Yo-yo dieting isn’t wise nutrition management, but it turned out to have a major benefit. Doing it for more than a decade made me an expert at losing body fat (unfortunately it didn’t teach me how to keep it off—that came later).
All fat loss requires is that you burn more energy than you take in. It’s a simple concept, but there is a lot of room for error in how you choose to do it.
The principles listed here form the basis of an extremely effective fat loss program. They also help prevent the bad outcomes that so many diets result in, such as rebounds from excessive metabolic adaptation.
6 Fat Loss Fundamentals
From my research and personal experience, these are the best practices of fat loss:
1. Minimal food reduction
Calorie reduction should be no more than is required to induce desired fat loss.
There are a few reasons for this, one of which is enjoyment—very low calorie diets are miserable—but also for plateaus, which are inevitable and require further energy reduction to overcome. The less you’re eating, the less you have to take from to get past these plateaus.
2. Ways to Measure Progress
Gauging progress is critical, otherwise it’s guesswork. The best, most easily-accessible tools are scales, the mirror, limb and waist circumference measurements, skinfold calipers, a camera, and food tracking software.
3. Plenty of Protein
On a diet you really want to strip fat and hold onto lean mass, which is everything on our bodies except fat tissue. Lean mass helps burn energy, and the muscle part of it is what makes you look impressive with no clothes on.
Dietary protein is critical for maintaining lean mass, and it has the added bonus of helping curb hunger. Plus it’s the macronutrient least likely to be stored as body fat.
Exercise is normally considered a way to burn fat. It does help, but it’s much more efficient to create an energy deficit by reducing food intake. The average workout doesn’t expend as much energy as most people think (see here for more on that).
Therefore, its benefits are less direct. Exercise, and resistance training in particular, is best used as a way to build and maintain muscle that in turn supports metabolic rate.
5. Not Too Fast
Coaxing fat loss is generally better than forcing. Crash diets and sudden decreases in weight provoke a strong physiological response in which the body does its best to slow down, hang on tightly to remaining body fat, and increase the likelihood of gaining it back.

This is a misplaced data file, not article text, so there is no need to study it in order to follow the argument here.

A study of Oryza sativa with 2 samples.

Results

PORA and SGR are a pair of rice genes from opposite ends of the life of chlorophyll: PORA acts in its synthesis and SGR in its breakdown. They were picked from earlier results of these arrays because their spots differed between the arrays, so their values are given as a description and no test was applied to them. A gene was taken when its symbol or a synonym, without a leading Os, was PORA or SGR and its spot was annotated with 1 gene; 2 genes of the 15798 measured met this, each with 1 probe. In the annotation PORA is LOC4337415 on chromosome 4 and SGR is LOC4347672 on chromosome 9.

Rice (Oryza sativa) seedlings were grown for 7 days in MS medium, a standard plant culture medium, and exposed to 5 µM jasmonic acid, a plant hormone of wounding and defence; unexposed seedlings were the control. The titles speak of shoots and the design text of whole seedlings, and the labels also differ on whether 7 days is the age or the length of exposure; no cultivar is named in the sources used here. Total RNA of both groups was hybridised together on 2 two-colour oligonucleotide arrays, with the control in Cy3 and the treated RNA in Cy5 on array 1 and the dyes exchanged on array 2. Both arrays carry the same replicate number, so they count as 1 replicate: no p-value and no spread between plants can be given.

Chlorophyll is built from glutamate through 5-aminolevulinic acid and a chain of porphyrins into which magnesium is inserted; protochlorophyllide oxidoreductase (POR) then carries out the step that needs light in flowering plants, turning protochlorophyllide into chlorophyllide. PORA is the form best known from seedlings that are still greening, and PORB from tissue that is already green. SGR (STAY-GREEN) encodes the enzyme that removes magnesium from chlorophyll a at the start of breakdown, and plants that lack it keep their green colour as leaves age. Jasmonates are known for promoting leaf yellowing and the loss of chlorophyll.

This reaction is reduced with a more gradual approach.
1-2 lb fat loss per week is a fair guideline, however, it’s not one-size-fits-all. For instance, if you have a lot of fat to lose, you can get away with a faster rate.
This is one of the hardest parts of fat loss, and easier said than done—when your mind’s made up to get in shape, you naturally want instant results. Even so, hasty decisions can be problematic.
When it seems like you’ve hit a plateau, it’s wise to wait at least a week before further reducing food intake. Body weight can fluctuate a lot, and isn’t always indicative of fat loss or gain.
Often after a few days there will be another drop in weight, and further changes can be saved for when they’re really needed. Every calorie reduction you make limits your future options, and that’s why patience is so important here.
The Approach I Normally Take
A weight loss plan should be customized based on time-frames, health, and preferences, but to give an example, here’s how I do it.
To create an energy deficit, I mostly reduce my intake of fat and carbohydrate.
The amount of protein I eat remains constant at a level of about 1 gram per pound of body weight as an easy general guideline.
This is above the minimum amount necessary to maintain lean body mass. However, there’s no evidence that a high protein intake is harmful in healthy people, and I’d rather err on the side of too much than too little, plus I just like high protein foods.
I typically start with a drop of 500 calories beneath what it takes to maintain my body weight at a given time. It produces substantial results quickly, which is good for motivation, but subsequent reductions are much smaller.
When weight loss stalls, I further reduce calories by 100. If I’m towards the end of a diet and calories are already low, I might only reduce them by 50. These cuts are small, but are normally sufficient to get progress going again.
This is all supported by regular weight training. I workout all the time anyway, and I make no special changes for fat loss.
Incidentally, I never do cardio anymore. I used to, but I always hated it, and I’ve since learned it’s just not necessary. You can save time and decrease the misery of fat loss by letting your diet do most of the energy-balance work. That said, low-grade activity can actually make a big difference (more about that here).
Years of Fat Loss Experience in a Nutshell
Based on many years of experimenting and reading, those are what I think are the 6 best practices of fat loss. Quite simple, but powerful and a great way to set yourself up for permanent change.
Thanks so much for reading.
If you enjoyed this, there’s more on fat loss here.